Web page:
Counting Blessings After the StormPosted on Jun 27, 2022
While visible signs of the destruction caused by last December's tornadoes remain, this Hart County farm family sees the silver lining.
The National Weather Service’s archived information list several instances over the last century when tornadic activity was present in Hart County, Kentucky. And while many were devastating, perhaps none were as destructive as the storm that passed through last December.
Mitchel Logsdon’s family has been farming in this area for most of those 100 years, but they’ve been lucky in that their farms have weathered most of those storms. That is, until December 11, 2021.
“My parents live down the road and they have a basement, so, we had decided to go there when we heard there were tornado warnings in the area,” he said. “It was a blessing that all of our children were home, so I didn’t have to worry about where they were during the storm.”
Logsdon recalled the eerie stillness in the air as they loaded up everyone to make the short drive.
“By the time we got there, the rain had started, but we got in, but it was probably 15 minutes at the most before the tornado hit,” he said.
It wasn’t long before he started getting calls from neighbors to make sure everything was okay. It was then. Logsdon knew there must be some damage on his farm.
“An Amish gentleman down the road called right after the tornado passed through because he knew there was too much debris in his yard to have not come from our farm, but it was raining so hard that you couldn’t really see anything or tell how much damage had occurred until daybreak,” he said.
Unfortunately, the first light of the day would reveal the damage the Logsdon farm suffered. A workshop with all his tools was destroyed except for a wooden structure that was at the rear of the shop. He also lost three barns and a metal silo.
“We had some damage to the house but not enough that we couldn’t stay in it. We were very fortunate that we have been able to stay in our home the whole time since the storm,” he said.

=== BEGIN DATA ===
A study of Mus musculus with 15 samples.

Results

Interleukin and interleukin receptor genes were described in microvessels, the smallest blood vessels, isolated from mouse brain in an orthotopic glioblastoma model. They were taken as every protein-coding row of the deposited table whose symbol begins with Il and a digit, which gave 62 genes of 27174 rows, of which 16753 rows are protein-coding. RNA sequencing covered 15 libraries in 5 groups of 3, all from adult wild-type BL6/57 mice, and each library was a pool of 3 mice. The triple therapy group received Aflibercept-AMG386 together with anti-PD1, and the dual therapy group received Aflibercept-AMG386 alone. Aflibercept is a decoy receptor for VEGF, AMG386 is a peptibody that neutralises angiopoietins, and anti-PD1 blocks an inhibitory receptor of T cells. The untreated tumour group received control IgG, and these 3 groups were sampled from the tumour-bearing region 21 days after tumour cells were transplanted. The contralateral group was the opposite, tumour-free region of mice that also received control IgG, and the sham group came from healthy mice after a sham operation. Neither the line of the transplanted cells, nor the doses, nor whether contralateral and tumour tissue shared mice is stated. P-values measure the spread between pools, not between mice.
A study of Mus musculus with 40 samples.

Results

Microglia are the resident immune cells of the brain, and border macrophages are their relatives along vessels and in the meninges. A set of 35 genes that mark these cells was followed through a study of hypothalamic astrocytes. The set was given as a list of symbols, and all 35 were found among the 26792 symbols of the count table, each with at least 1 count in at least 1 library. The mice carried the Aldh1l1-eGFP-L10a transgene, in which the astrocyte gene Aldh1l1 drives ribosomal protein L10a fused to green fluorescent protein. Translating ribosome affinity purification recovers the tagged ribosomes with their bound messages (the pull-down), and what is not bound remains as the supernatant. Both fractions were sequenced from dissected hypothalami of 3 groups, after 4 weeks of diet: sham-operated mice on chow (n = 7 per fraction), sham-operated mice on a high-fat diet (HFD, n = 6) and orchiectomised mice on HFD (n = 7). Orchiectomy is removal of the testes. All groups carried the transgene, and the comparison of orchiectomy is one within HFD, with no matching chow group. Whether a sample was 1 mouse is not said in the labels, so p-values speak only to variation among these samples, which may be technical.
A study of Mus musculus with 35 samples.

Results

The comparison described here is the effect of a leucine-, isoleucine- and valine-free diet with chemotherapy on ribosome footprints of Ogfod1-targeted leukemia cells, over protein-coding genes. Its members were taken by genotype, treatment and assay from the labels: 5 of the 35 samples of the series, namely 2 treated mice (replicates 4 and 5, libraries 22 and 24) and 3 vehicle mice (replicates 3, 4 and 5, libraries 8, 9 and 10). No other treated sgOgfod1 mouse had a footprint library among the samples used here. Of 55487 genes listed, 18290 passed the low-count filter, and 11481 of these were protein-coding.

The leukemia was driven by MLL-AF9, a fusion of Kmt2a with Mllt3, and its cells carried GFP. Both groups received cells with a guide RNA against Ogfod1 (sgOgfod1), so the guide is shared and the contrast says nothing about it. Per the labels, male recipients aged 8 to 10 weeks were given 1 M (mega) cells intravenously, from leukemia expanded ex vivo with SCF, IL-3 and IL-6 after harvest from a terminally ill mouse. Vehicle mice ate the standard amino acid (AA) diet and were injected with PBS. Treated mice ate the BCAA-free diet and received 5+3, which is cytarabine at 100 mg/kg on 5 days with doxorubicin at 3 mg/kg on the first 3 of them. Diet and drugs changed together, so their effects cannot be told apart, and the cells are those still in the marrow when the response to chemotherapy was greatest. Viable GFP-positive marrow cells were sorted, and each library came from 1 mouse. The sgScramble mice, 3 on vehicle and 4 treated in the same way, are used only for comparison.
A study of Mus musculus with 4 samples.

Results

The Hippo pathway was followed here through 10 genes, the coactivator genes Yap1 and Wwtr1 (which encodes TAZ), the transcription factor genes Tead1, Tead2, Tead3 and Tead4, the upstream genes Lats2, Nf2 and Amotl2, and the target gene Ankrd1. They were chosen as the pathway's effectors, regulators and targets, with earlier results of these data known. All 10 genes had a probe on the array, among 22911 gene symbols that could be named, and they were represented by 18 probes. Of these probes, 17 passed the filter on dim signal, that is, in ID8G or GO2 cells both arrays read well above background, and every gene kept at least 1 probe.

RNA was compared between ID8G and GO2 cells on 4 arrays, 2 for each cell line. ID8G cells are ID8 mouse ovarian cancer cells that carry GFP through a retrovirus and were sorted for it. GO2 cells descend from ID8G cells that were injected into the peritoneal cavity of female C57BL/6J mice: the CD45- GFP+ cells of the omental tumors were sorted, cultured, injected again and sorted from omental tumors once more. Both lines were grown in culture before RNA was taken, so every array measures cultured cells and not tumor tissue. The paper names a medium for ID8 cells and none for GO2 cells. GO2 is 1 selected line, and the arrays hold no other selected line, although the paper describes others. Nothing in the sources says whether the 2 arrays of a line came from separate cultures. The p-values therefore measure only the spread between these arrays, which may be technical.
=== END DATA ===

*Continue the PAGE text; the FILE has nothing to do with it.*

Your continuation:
In addition to the structural damage, many trees were uprooted or suffered some type of damage, but no farm equipment was lost, nor did he lose any livestock from his cattle operation.
In the aftermath of the storm that evening, Logsdon said he made a couple of calls after checking in with his neighbors, one to his best friend to make sure he was okay and the other to his insurance agent.
But soon after the sun came up, he said people just started showing up to help with the cleanup efforts.
"It didn't surprise me but to be honest you never know. We had never seen anything like this and didn't know who else had suffered storm damage but there must have been 50 people at one time or another here helping,” Logsdon said.
The Hart County native and Kentucky Farm Bureau state director gave praise to the electric co-op workers who got electricity restored to the area within a couple of days, as well as county leaders and road crews out getting debris cleaned up and roads cleared.
“We had been up the whole time and by that Sunday I knew we had to step back and rest and that’s what we did after church, we just tried to rest,” he said.
But that day was also full of calls from friends and neighbors wanting to know what was needed.
“There were some folks that were here for three or four days helping. They didn’t stop by for a few hours, but people just pick up and help when it’s needed,” said Logsdon. “And I've always known that and always felt that way for my neighbors. We grew up helping our neighbors.”
He said someone from the Red Cross was in the area several days after the storm and made mention of seeing so many disasters and the aftermath of each but never had he seen a place where so many people had picked themselves up and dusted themselves off and got on with life, something seen all across the state.
While there is still damage to be seen in the area, Logsdon said his family is blessed and he knows that things could have been much worse. Six months later, there is little evidence, other than the missing structures, that a storm moved through his farm that night, other than some aerial photos taken showing the path of the tornado.
“The thing that will always come back to me, and is the most overwhelming, is how lucky we were when it destroyed that much, that close to the house," he said. "And the people who came to help, doing it for nothing other than just wanting to help a friend and neighbor, it has truly been a blessing."